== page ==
Hiring? Yes, No, Maybe

Mark Twain said: “There are three kinds of lies: lies, damned lies, and statistics.”

Hiring? Yes, No, MaybeWhen it comes to what’s happening in jobs and small business, things can get very confusing.

What’s really going on here?

Hiring is up

According to the NFIB February 2019 Jobs Report, small business job creation recently broke a 45-year record. This is very significant because two out of every three jobs in the US are created by small businesses. The report found that 57% of owners reported hiring or trying to hire workers. And 49% reported that they couldn’t find qualified workers for their openings. So hiring is up?

Hiring is down

ADP found that the hiring at small companies isn’t as rosy as the NFIB report suggests. In fact, there was a job loss in February at very small firms (1-19 employees). The jobs increase in February at other small companies (20 -49 employees) was modest at 20,000, as compared with prior recent months. The report concluded that “There was a sharp decline in small business growth as these firms continue to struggle with offering competitive wages and benefits.” So hiring is down?

Who knows?

A recent Clutch report on the State of Small Business Hiring and Recruitment in 2019 found that more than half of small businesses plan to hire this year, primarily for sales and marketing positions. But nearly a quarter (23%) said it’s likely they’ll fire or lay off employees in 2019.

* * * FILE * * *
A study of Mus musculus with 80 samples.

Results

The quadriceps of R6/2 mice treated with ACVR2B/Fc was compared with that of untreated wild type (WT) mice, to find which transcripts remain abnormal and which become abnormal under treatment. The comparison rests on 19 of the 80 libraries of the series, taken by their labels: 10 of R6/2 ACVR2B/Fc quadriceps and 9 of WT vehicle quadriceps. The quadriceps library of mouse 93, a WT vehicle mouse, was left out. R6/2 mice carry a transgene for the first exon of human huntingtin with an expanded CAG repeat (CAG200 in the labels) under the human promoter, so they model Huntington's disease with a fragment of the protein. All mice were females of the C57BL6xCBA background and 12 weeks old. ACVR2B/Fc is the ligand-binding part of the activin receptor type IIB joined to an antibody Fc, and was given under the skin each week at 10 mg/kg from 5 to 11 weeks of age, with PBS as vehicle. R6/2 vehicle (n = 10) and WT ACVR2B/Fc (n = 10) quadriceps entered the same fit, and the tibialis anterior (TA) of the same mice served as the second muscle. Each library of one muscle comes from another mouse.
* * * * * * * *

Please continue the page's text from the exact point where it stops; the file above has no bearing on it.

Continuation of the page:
Recently I gave a talk at a convention and asked the small business owners present whether they were hiring or trying to hire. Most of the hands in the room went up. So my anecdotal impression is that small businesses want to hire. But as the ADP report indicated, cost is an issue.

Small business owners today are citing labor costs as their most important problem, according to NFIB. Minimum wages are going up in states and cities around the country. And even without government requirements, supply and demand are pressuring higher pay and greater benefits.

For those looking to hire, factor in minimum wage requirements and consider what job applicants want.

You can check on minimum wage rates across the country at Paycor  (the chart does not include higher rates that apply in localities such as New York City and Portland, OR). Note that some rates are scheduled to increase later this year (July 1; October 1).

Here’s a list of the 15 most popular employee benefits. Some of these benefits involve very little or no cost to the company:

  • Flexible/remote work options
  • Professional development (help to learn and grow)
  • Onsite healthy snacks
  • Pet-friendly offices

Bottom line

Whether hiring is up or down in small businesses across the country probably depends on many factors: your location, your industry, the availability of a pool of talent, and your budget. If you need to hire, you can find a solution for your situation. If you can’t find an employee who meets your needs and fits within your budget, consider outsourcing to an independent contractor, at least for a short-term solution.